Born of a Christian family in Alexandria, Egypt, and given a classical education, Athanasius entered the priesthood, became secretary to Alexander, the bishop of Alexandria, and eventually was named bishop himself. His predecessor, Alexander, had been an outspoken critic of a new movement growing in the EastArianism.
When Athanasius assumed his role as bishop of Alexandria, he continued the fight against Arianism. At first it seemed that the battle would be easily won and that Arianism would be condemned. Such, however, did not prove to be the case. The Council of Tyre was called and for several reasons that are still unclear, the Emperor Constantine exiled Athanasius to northern Gaul. This was to be the first in a series of travels and exiles reminiscent of the life of St. Paul.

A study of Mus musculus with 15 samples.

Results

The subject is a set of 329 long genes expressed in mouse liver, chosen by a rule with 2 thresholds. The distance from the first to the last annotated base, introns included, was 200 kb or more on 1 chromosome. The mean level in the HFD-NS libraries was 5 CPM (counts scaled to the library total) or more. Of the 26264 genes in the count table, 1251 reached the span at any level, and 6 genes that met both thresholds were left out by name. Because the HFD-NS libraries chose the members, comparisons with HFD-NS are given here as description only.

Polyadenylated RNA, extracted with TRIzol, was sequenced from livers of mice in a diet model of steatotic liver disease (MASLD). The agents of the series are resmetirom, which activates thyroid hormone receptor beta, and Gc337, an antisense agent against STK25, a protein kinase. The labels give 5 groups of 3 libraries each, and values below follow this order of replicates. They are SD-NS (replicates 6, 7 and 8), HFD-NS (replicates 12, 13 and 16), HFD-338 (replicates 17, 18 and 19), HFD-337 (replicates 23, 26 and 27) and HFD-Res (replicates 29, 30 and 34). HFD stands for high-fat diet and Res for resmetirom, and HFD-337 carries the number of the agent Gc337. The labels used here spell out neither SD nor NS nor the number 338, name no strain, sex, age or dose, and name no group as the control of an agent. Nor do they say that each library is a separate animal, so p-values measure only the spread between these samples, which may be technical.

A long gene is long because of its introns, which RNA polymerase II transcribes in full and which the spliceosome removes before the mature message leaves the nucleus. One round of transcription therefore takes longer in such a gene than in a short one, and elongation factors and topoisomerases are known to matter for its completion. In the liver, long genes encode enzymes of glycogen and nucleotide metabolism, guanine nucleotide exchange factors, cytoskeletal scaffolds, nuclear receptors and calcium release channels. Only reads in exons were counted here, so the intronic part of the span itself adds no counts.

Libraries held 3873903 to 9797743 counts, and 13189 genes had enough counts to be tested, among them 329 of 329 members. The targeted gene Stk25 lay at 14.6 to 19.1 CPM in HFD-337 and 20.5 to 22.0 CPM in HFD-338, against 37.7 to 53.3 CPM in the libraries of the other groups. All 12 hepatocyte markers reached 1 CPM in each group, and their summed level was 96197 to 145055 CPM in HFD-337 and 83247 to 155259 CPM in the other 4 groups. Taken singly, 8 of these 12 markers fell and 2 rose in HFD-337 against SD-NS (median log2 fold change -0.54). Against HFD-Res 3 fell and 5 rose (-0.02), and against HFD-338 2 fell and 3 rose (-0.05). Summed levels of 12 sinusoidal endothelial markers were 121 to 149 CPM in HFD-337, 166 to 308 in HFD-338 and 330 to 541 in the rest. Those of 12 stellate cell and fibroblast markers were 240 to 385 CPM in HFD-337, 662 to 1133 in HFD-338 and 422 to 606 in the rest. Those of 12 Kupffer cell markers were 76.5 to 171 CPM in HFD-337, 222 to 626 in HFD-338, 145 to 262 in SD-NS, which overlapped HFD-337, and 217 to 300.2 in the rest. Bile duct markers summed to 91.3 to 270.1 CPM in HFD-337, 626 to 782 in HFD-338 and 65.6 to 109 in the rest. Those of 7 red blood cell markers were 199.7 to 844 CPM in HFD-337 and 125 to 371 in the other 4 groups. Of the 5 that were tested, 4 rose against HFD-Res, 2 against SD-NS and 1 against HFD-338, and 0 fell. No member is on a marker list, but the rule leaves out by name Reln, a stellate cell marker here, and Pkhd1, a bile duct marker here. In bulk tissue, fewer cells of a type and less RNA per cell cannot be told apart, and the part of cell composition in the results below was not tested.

After Constantine died, his son restored Athanasius as bishop. This lasted only a year, however, for he was deposed once again by a coalition of Arian bishops. Athanasius took his case to Rome, and Pope Julius I called a synod to review the case and other related matters.
Five times Athanasius was exiled for his defense of the doctrine of Christs divinity. During one period of his life, he enjoyed 10 years of relative peacereading, writing and promoting the Christian life along the lines of the monastic ideal to which he was greatly devoted. His dogmatic and historical writings are almost all polemic, directed against every aspect of Arianism.
Among his ascetical writings, his Life of St. Anthony achieved astonishing popularity and contributed greatly to the establishment of monastic life throughout the Western Christian world.